The U.S. space agency has given the all-clear to the International Space Station crew, telling the astronauts they will not need to steer away from an orbiting piece of junk left by an old Soviet satellite.
NASA made the announcement Monday, saying a "debris avoidance maneuver" will not be required. Experts had been tracking the debris, concerned it would pass too close to the orbiting outpost Tuesday ahead of the space shuttle Discovery's arrival.
Last week, three crew members aboard the International Space Station were briefly evacuated to a Soyuz spaceship when another piece of debris threatened to hit the station. After the debris passed without incident, the astronauts returned to the station. Officials said the move was a precaution and the probability of impact was low.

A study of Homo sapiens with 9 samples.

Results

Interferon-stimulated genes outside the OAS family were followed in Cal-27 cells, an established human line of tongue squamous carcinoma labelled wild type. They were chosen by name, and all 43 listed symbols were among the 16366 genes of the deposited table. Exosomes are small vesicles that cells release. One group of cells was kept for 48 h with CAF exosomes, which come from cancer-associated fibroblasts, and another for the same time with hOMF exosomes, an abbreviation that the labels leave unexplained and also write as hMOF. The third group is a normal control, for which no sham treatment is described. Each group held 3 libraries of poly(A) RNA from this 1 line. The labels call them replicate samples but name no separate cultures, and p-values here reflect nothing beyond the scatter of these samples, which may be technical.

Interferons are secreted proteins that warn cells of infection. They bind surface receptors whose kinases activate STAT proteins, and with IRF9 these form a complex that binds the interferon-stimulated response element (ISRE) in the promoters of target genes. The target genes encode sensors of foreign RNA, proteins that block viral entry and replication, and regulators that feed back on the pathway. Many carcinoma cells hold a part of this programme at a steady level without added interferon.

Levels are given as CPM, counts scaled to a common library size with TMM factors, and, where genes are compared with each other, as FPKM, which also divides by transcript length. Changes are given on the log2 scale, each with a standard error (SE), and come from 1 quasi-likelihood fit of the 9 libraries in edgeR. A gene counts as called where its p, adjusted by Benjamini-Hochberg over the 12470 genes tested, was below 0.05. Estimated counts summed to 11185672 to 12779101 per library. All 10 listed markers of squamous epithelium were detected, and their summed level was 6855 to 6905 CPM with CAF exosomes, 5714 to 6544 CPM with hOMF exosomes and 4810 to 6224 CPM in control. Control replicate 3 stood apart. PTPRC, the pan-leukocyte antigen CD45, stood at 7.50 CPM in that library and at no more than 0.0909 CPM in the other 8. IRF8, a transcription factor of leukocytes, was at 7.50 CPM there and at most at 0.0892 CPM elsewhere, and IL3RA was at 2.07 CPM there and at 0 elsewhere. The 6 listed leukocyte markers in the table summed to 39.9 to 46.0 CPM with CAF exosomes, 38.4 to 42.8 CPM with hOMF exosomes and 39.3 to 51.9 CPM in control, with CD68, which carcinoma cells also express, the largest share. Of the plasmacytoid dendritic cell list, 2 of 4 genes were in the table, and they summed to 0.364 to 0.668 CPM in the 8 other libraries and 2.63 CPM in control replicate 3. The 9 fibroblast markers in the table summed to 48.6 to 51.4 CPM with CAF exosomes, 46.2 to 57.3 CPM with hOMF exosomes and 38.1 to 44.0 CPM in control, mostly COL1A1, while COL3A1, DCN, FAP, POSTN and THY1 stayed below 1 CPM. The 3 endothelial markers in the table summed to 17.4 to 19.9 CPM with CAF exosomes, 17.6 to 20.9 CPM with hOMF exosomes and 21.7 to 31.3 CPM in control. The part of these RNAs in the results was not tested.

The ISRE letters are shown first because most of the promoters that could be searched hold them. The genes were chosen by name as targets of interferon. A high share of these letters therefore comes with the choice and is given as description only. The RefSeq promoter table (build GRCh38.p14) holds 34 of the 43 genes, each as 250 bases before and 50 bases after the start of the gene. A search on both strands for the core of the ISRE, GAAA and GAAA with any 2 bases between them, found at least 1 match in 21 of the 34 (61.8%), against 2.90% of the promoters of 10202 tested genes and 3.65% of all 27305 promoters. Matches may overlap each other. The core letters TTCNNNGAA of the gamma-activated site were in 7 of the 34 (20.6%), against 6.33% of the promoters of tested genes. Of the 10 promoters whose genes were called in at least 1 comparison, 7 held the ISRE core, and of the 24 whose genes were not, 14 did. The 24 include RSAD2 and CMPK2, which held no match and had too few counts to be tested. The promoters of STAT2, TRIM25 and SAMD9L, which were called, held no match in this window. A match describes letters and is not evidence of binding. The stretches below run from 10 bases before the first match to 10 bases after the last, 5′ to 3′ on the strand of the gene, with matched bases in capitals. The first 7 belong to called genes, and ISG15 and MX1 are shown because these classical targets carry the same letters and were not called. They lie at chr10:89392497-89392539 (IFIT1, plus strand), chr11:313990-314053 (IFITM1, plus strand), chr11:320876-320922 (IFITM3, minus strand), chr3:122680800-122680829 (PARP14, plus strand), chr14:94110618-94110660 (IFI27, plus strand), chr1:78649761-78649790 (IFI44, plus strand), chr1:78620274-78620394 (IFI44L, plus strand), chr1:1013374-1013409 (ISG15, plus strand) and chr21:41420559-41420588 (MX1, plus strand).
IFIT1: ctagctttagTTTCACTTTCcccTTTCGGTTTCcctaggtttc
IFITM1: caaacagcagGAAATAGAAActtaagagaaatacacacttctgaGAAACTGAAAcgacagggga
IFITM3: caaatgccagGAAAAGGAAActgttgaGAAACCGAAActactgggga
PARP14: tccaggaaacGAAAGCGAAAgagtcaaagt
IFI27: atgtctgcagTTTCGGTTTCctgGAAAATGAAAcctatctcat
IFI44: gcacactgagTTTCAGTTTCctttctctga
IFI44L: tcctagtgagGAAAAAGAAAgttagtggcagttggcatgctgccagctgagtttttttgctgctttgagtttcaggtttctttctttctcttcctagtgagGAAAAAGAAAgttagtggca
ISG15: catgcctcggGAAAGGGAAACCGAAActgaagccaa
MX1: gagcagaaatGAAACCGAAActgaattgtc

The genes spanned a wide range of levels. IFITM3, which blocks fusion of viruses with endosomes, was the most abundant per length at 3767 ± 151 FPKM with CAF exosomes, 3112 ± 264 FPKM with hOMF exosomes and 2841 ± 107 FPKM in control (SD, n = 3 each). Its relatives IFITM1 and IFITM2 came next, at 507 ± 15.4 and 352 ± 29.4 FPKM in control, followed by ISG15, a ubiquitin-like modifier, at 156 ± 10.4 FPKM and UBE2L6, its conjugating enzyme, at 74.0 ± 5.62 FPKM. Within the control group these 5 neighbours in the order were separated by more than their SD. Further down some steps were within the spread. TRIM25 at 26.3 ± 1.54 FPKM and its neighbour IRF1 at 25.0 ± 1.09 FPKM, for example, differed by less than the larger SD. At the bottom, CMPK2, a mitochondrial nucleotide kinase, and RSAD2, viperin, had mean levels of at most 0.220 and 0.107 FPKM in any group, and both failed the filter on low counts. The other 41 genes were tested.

The seven astronauts aboard Discovery spent Monday inspecting their space craft for damage that may have occurred during liftoff Sunday.
NASA has given extra attention to any damage to the shuttle's heat shield tiles since the 2003 space shuttle Columbia disaster.
A piece of insulation foam during launch punched a hole in Columbia's wings, allowing hot gases into the craft as it re-entered Earth's atmosphere. The shuttle disintegrated, and all seven astronauts on board were killed.
On this latest mission, Discovery is carrying another set of solar panels to the space station and a new water system that converts urine into drinking water.
The Discovery crew includes Japan's Koichi Wakata, who will remain aboard the station. He is to replace American astronaut Sandra Magnus, who is scheduled to return to Earth on the shuttle.